The World Bank is scaling up its efforts in Nepal at helping authorities and communities improve the nutritional status of the country’s most vulnerable populations. This is one of the first World Bank assisted multi sector nutrition project in the South Asia region which will engage a wide range of actors across government and civil society in the areas of health, poverty reduction, social protection, water and sanitation, agriculture, local development and education in the planning and implementation.
The Sunaula Hazar Din project – translated from Nepali to English to mean the “golden 1,000 days project” – will target risk factors that affect the nutritional status of children in the first two years of their lives. The World Bank Board of Executive Directors approved US$ 40 million in grant and credit for this new project today to complement Nepal’s ongoing programs in nutrition.
Nutrition experts worldwide have determined that the window of opportunity for improving nutrition is small, i.e., the first 1,000 days from the first day of pregnancy through the first two years of life. The damage that might occur due to inadequate nutrition during this period is extensive and largely irreversible.
The main focus of this project will be to accelerate the reduction of maternal and child under-nutrition, as measured by anemia among pregnant women, low birth rate and young child stunting.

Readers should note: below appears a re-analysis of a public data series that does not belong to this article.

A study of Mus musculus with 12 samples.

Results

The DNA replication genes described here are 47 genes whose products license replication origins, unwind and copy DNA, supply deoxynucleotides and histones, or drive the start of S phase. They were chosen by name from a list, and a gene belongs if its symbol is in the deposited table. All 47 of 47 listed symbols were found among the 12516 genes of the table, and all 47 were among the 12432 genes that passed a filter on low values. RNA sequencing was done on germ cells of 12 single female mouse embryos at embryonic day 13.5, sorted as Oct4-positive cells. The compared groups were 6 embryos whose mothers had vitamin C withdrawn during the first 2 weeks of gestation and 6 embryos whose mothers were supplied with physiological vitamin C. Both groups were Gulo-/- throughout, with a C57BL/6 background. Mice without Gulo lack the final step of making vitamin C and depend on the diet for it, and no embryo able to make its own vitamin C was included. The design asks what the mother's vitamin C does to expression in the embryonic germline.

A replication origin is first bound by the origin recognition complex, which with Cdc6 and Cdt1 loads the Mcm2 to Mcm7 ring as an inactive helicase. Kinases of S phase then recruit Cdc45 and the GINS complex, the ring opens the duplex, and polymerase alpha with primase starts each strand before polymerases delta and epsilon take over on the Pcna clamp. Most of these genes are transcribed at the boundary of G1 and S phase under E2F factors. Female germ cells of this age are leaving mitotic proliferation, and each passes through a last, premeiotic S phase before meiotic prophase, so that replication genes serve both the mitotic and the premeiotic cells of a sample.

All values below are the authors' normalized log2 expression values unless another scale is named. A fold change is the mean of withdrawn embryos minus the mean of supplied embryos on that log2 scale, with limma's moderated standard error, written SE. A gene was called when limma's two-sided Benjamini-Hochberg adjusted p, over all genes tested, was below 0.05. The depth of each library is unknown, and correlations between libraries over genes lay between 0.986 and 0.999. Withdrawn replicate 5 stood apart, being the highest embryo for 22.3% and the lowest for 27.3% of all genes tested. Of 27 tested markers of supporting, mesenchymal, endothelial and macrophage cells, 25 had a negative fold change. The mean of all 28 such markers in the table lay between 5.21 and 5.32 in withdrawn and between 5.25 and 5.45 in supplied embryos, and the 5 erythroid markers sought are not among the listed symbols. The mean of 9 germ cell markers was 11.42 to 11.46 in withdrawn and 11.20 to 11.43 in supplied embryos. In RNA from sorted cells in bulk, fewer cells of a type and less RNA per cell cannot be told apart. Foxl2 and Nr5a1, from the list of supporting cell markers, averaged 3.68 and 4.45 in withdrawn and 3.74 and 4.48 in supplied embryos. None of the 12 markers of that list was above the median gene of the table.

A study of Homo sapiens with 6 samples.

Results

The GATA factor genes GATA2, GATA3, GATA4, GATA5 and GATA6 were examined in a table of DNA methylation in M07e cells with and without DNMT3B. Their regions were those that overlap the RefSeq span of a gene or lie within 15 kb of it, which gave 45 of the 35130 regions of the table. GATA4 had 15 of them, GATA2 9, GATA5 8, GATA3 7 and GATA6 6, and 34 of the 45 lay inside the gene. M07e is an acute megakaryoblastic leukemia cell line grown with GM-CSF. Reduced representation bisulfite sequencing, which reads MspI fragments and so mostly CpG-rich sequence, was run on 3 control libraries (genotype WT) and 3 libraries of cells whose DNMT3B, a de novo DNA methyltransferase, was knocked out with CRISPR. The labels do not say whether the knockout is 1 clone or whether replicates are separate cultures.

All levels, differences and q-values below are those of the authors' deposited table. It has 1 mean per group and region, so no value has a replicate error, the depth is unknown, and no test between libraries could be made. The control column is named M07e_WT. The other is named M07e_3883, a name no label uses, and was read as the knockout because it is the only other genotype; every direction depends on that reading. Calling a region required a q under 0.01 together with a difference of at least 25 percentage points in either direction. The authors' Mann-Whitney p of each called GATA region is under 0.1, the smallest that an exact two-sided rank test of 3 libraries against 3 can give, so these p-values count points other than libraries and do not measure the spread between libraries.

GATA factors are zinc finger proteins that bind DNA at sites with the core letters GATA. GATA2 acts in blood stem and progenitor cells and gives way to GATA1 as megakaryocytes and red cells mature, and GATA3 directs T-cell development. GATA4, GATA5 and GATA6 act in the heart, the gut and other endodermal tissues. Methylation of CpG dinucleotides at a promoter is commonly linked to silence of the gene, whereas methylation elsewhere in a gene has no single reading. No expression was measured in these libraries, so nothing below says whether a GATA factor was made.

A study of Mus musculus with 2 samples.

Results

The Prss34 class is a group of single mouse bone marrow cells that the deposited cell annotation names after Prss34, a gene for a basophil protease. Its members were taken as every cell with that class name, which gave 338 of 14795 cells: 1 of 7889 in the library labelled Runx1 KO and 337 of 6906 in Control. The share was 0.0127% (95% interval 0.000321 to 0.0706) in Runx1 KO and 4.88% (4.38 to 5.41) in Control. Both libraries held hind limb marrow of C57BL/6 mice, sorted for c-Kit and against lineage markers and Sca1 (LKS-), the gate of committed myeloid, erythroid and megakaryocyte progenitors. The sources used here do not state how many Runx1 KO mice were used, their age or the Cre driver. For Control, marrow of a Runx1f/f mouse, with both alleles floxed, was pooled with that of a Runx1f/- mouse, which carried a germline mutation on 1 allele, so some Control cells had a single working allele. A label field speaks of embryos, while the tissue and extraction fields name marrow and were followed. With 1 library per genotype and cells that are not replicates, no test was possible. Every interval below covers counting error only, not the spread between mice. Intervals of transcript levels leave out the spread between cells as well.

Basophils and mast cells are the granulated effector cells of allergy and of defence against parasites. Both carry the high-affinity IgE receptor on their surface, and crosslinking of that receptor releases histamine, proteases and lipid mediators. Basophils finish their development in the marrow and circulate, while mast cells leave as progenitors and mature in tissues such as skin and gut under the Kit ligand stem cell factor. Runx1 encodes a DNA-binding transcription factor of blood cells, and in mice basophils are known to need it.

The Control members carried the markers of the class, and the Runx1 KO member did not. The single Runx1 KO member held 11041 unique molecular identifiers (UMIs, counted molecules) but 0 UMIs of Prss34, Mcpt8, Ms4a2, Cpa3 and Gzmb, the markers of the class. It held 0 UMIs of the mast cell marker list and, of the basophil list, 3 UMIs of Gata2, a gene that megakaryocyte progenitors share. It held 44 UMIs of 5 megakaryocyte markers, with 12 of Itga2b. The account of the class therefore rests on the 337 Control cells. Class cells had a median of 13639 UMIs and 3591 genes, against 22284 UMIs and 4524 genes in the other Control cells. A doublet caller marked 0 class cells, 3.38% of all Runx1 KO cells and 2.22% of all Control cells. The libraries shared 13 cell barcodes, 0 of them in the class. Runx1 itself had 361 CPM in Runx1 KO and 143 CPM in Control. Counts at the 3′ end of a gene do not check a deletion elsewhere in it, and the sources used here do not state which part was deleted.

“The high rates of under nutrition – nearly two in every five Nepali children under the age of five are stunted with nearly a third underweight – require urgent and coordinated action by multiple institutions to attack this silent killer,” says Tahseen Sayed, the World Bank Country Manager for Nepal. “We are delighted to support this multi-sector nutrition project, one of the first of its kind in the South Asia Region, which brings together multiple stakeholders at the central and local levels to improve the nutritional outcomes of women and children,” she says.
Together with the rest of South Asia, Nepal has made good progress in other human development indicators such as school enrolments, gender parity in school participation, immunization coverage, infant and under five mortality rates, and fertility rates. However, when it comes to nutrition, all the countries in the region, including Nepal, have fallen behind.
“If not addressed during the first few years of life, under nourishment can cause permanent disability in children, loss of height during adolescence, poor grades in school, increase in school drop-outs and reduction in life-time earnings,” says Albertus Voetberg, World Bank Task Team Leader for the project. “The social and economic costs to nations are huge,” he says.
Earlier this month in Kathmandu, the World Bank organized a Knowledge Forum where nearly 200 leading nutrition experts and practitioners from governments, civil society organizations development partners across the South Asia region shared lessons and experiences in improving infant and young child nutrition.